Just like Kelly Clarkson before him, Ruben Studdard is ready to reap the rewards as “American Idol’s” newest star. But it’s the producers, packaging agents and network officials behind the Fox hit — and other primetime reality series — that have already gone platinum with diversified business models.
“Reality programming used to just be considered a format business for international producers, but the U.S. market has become a tremendous front-end profit center for the networks and producers here, as well,” says Creative Artists Agency’s Michael Comacho, who, along with David Tenzer, packaged “American Idol” for the U.S.
That profitability is apparent in the ratings. The tail end of the 18-week second edition of “American Idol” was key in lifting Fox’s overall primetime lineup to its first-ever May sweeps win in the essential 18- 49 demo over NBC (4.7 rating/14 share vs. 4.4/12), according to Nielsen Media Research.
Key was “Idol’s” May 21 finale, which posted its best scores in 18-49 (16.8/37), 18-34 (17.2/41) and teens (16.2/43). These ratings translated to huge ad sales.
According to ad-buying sources, “Idol’s” Wednesday night spring run topped out at a $372,000-per-spot average, up 37% from the first “Idol’s” summer run and placing it not all that far from primetime reality’s top ad earner, CBS’ “Survivor” ($425,000 per unit). Both compare favorably with NBC’s top-rated “Friends” ($450,000).
Of course, in a genre where you have people French-kissing in hot tubs and others eating bugs the size of tennis shoes, advertisers will start worrying about “environments.” However, advertiser skittishness has primarily affected the premiums some B- and C-tier shows can get, buyers say.
“A higher percentage of reality shows still make advertisers uncomfortable, but it doesn’t mean advertisers are leery of buying heavily into the A-tier shows like ‘American Idol’ and ‘Survivor,'” explains John Rash, senior veep of national broadcast buying for Minneapolis-based ad agency Campbell-Mithun.
With license fees for hour-long reality series hovering between $700,000 and $1 million per episode, “Survivor” exec producer Mark Burnett says the networks are enjoying much higher profit margins than can be derived from escalating license fees for scripted series like “Friends” ($6 million-plus per episode) and “ER” ($13 million).
Despite the unquestionable firstrun success of the reality genre in primetime, it’s been widely assumed that there isn’t much of an afterlife for these series on cable and in off-net syndication. But that isn’t entirely true. Endemol USA, for example, is talking to distributors — including NBC Enterprises — about an off-net syndie run for “Fear Factor” starting in fall 2004.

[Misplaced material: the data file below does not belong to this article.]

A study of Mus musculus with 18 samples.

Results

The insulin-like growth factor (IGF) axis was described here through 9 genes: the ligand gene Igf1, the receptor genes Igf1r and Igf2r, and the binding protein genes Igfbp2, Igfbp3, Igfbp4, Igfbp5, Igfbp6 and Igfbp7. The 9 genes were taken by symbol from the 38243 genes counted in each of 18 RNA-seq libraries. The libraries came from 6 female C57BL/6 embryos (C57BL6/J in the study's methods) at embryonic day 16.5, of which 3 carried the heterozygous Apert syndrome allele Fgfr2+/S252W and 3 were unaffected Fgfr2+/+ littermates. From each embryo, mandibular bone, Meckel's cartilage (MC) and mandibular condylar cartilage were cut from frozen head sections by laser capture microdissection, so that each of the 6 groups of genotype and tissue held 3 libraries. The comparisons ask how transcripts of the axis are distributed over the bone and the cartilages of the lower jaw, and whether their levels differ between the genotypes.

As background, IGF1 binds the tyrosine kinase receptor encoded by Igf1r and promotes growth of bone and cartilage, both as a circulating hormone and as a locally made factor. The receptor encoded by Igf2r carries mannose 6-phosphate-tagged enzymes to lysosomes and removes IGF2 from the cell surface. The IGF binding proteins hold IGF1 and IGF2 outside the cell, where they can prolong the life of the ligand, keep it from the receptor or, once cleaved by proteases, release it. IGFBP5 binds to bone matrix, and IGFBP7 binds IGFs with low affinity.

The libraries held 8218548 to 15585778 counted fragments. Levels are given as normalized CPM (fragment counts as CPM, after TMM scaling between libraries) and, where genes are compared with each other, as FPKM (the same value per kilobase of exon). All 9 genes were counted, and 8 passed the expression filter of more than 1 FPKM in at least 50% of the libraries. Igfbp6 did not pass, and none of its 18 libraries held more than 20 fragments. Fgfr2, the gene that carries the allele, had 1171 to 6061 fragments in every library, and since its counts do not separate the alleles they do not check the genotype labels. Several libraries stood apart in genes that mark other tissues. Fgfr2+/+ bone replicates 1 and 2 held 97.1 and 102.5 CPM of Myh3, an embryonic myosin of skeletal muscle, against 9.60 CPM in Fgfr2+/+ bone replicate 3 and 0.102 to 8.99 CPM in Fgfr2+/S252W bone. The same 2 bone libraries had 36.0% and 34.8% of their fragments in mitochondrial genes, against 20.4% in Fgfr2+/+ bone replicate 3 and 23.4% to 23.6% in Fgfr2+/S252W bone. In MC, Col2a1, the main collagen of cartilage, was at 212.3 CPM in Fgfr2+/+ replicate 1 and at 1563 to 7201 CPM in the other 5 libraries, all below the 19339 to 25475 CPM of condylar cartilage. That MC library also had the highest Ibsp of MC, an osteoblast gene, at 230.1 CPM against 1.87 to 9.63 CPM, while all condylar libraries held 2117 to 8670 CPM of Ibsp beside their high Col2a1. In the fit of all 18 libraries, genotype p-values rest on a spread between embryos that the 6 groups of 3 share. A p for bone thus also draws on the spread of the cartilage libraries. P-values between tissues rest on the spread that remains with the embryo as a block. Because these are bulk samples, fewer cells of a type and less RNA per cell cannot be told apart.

“Given the few viable sitcoms on the networks available for future syndication, ‘Fear Factor’ still delivers the same kind of strong young demographic profile that makes it ideal for syndication,” explains Mark Itkin, a leading reality packager for William Morris Agency, who reps Endemol.
Chuck Larsen, who several years ago successfully sold into syndication Bunim/Murray’s genre-pioneering “The Real World” and “Road Rules,” describes the syndie market similarly. “What’s great about both shows is they mirror the same kind of adult 18-to-49 demos of hit off-net sitcoms, and, in some cases, even higher among adults 18-34 and teens.”
Meanwhile, reality series have created a number of alternative ways to make money. Again, “American Idol” provides perhaps the best example. After creating “Pop Idol” for U.K.’s ITV network in October 2001, longtime recording industry baron Simon Fuller’s 19 Television perfected a formula for making “Idol” winners and finalists into bestselling artists for a variety of recording labels.
Through 19’s TV partnership with Fremantle, which is owned by recording giant Bertelsmann Music Group (BMG), “Idol” winner Kelly Clarkson’s debut topped the Billboard charts, selling 624,000 copies and going gold in just five weeks.
Taking it to the next level, Fremantle and 19 Television produce and license “Idol” in 19 territories internationally.
They’ve licensed a DVD version, “American Idol: Search for a Superstar,” and they have the 20th Century Fox theatrical “From Justin to Kelly” slated for June 13 release.
“Scripted shows rarely offer the kind of extensive licensing and merchandising opportunities like we’re seeing on the front end with reality series,” says CAA’s Tenzer. “The (reality) genre is still young, and we’re still very bullish on the content possibilities and the different places the genre can go.”